Compromise on state budget sticking points comes together overnight

03/29/2012 02:16 AM

FRANKFORT — House and Senate negotiators finally untied the knots of disagreement in the state budget bill shortly before 3 a.m., agreeing to funding levels for indigent care in Louisville, projects and a mandate to the governor to find $80 million more in efficiencies over the next two years.

The compromise budget didn’t include any additional money to help send more children to preschool, as Gov. Steve Beshear recommended, but it kept in the extra $21 million for hiring more social workers.

The discussions over the $19 billion two-year spending plan brought out several philosophical differences between the Republican Senate leaders and the House Democratic leaders. However, Senate President David Williams, R-Burkesville, said this round of negotiations was the most productive and cordial in which he’s taken part.

Throughout several rounds of counter-offers, House leaders wanted to take $36 million from the underground storage tank fund and bond it to free up that money in cash to be used in this two-year budget. But the Senate leaders said that practice, which has led to a “structural imbalance,” has to stop. They said the state would pay much more than that as it repays the bonds over the next 20 years.

“We do not agree that it’s good public policy, nor are we willing to issue bonds for the purpose” of paying for ongoing programs, said Senate President David Williams, R-Burkesville. The Senate’s position prevailed.

Shortly before 2 a.m. negotiations came down to $12.9 million worth of funding for a half dozen items: $2.4 million for Kentucky Educational Television, $3.5 million for the Lexington downtown development including Rupp Arena, $500,000 in need-based law scholarships in the name of the late Supreme Court Justice William McAnulty, $2 million for the Kentucky State Police, $3.5 million for the Kentucky Horse Park in the current budget year and $1 million for the Louisville Medical Examiner’s office.

Ultimately, they agreed on allowing the governor to use restricted funds to cover the $3.5 million for the Horse Park and allowed for $2.5 million in state funds to be used for the Rupp Arena project. The money just wasn’t there for the other items, said House Speaker Greg Stumbo, D-Prestonsburg.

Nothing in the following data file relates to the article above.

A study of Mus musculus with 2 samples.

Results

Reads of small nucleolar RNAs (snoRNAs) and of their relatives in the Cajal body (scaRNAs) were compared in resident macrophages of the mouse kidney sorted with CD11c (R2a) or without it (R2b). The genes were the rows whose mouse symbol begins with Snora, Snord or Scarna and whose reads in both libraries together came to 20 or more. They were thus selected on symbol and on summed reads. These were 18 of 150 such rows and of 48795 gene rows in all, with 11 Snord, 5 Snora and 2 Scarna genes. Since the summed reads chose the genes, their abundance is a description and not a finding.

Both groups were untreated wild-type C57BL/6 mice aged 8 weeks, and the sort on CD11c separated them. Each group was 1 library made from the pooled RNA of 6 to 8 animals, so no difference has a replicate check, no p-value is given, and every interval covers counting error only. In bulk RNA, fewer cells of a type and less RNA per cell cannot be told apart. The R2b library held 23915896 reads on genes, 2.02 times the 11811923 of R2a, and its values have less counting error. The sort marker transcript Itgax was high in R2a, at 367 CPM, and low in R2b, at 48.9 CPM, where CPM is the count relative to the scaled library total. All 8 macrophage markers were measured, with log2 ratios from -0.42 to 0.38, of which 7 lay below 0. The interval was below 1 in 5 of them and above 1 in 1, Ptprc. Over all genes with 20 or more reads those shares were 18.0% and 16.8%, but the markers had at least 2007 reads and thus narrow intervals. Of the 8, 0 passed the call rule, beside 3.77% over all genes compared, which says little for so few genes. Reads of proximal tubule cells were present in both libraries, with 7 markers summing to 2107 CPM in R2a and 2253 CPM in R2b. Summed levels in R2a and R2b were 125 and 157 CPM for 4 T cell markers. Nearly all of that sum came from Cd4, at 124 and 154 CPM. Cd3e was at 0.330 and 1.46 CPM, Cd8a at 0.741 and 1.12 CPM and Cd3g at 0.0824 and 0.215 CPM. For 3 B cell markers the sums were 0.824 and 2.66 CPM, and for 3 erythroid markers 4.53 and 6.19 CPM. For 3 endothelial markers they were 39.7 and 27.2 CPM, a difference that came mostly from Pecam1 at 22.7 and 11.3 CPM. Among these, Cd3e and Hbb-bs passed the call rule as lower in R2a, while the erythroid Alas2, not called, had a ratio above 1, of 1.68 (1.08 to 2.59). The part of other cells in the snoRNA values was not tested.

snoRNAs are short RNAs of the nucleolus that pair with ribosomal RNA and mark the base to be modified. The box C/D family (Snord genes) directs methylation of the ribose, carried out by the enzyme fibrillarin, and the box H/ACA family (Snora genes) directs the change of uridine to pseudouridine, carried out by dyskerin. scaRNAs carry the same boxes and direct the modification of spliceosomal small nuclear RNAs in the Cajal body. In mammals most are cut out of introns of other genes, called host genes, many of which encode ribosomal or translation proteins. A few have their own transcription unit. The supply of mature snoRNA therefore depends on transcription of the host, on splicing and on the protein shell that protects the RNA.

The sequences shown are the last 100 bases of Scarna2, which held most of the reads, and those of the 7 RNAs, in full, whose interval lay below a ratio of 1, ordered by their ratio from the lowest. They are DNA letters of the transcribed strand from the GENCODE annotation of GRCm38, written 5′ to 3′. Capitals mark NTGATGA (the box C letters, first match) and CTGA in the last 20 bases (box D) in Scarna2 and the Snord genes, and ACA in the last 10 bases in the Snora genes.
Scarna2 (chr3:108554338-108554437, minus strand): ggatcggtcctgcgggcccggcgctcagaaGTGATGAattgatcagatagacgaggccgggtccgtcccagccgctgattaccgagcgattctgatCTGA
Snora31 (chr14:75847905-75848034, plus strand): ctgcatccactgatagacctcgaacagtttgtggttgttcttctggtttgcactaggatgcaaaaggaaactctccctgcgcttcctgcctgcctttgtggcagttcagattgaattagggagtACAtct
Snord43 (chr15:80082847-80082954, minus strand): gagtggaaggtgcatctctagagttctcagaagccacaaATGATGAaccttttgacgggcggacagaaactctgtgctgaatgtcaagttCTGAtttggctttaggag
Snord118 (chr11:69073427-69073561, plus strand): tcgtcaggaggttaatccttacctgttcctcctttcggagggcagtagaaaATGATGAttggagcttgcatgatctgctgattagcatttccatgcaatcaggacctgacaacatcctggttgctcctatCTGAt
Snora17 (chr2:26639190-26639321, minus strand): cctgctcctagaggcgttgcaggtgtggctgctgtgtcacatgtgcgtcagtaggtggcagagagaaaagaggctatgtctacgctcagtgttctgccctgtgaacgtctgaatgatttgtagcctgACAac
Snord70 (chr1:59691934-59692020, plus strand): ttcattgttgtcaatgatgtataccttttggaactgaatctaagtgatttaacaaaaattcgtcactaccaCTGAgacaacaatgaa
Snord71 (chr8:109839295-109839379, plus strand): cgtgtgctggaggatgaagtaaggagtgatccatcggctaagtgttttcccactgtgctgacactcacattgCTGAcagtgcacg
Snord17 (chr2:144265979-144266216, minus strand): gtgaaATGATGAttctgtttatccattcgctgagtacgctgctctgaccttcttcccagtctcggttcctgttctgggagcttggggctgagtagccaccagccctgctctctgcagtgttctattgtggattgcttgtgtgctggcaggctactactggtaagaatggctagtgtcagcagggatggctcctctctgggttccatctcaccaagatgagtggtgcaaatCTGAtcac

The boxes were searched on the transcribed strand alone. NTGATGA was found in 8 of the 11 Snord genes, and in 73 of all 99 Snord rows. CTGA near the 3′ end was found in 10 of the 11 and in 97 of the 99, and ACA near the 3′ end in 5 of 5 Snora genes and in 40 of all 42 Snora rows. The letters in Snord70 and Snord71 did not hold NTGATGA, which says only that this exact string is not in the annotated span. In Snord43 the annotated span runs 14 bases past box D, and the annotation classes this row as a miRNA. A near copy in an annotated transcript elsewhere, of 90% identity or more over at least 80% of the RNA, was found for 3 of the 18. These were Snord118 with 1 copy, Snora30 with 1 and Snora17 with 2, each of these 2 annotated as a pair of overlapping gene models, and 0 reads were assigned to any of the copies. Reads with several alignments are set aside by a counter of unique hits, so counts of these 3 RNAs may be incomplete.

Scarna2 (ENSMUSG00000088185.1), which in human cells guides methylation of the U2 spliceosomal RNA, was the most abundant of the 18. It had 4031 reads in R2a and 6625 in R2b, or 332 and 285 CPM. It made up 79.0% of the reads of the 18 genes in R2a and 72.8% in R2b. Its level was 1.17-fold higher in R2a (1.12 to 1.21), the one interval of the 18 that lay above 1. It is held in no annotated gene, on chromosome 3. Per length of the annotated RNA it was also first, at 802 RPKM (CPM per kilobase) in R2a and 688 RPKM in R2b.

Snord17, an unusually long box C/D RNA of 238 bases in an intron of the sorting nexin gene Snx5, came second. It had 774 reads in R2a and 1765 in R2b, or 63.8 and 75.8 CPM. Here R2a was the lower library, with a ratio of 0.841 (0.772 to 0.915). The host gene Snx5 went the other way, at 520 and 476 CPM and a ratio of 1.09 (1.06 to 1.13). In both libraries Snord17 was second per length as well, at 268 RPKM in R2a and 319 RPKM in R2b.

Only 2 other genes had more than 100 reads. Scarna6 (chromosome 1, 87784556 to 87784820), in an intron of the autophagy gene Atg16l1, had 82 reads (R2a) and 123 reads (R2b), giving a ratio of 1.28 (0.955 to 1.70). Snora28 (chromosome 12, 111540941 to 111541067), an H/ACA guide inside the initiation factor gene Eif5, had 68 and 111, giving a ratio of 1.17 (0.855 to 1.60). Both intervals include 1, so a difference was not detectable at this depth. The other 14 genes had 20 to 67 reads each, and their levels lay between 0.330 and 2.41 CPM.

The House and Senate did compromise on several other major sticking points:

Scholarships for students in coal producing counties

About $19 million in multi-county coal severance tax money will go toward providing scholarships for students in those counties, as laid out in the latest version of House Bill 260.

Students in coal-producing counties in the east and west — currently about 38 counties — would be eligible.

Indigent care in Louisville

The state budget will include a full $21 million for the Quality Charity Care Trust contingent on the city of Louisville kicking in $9 million to cover health care for the poor in Louisville and the surrounding area. For instance, if the city pays just $7 million of its share, the state would get $2 million back.

Rep. Larry Clark, D-Louisville, sent a letter signed by Jefferson County legislators to Louisville Mayor Greg Fischer urging him to pay the full $9 million.

Efficiencies to the executive branch

The Senate wanted the governor to shave $40 million in the first year and $58 million in the second year by reducing government contracts. The House counter offer called for $25 million each year in efficiencies and didn’t limit the governor to finding those savings just through contracts.

In the end, they settled on finding $40 million in efficiencies each of the next two years.

Coal severance tax projects

The Senate leaders wanted to ensure projects funded by coal severance taxes for counties had long-term economic effects, such as water and sewer projects. But the House wanted to give discretion to state representatives and senators to choose to spend that tax money how they see fit, as past budgets have allowed.

In the end, the Senate agreed.

“We’re willing to do that. We don’t think the single county money is being spent as efficiently as it could be,” Williams said. But he acknowledged that allowing the lawmakers to have discretion could help ensure votes in both chambers.

Other related bills

Leaders from both chambers also agreed in principle to pass several other key bills that have an effect on the budget, including House Bill 260 that would create scholarships for students in coal-producing counties, House Bill 50 related to debt payments and House Bill 499 that creates a tax amnesty program to bring in payments from delinquent tax filers without penalizing them.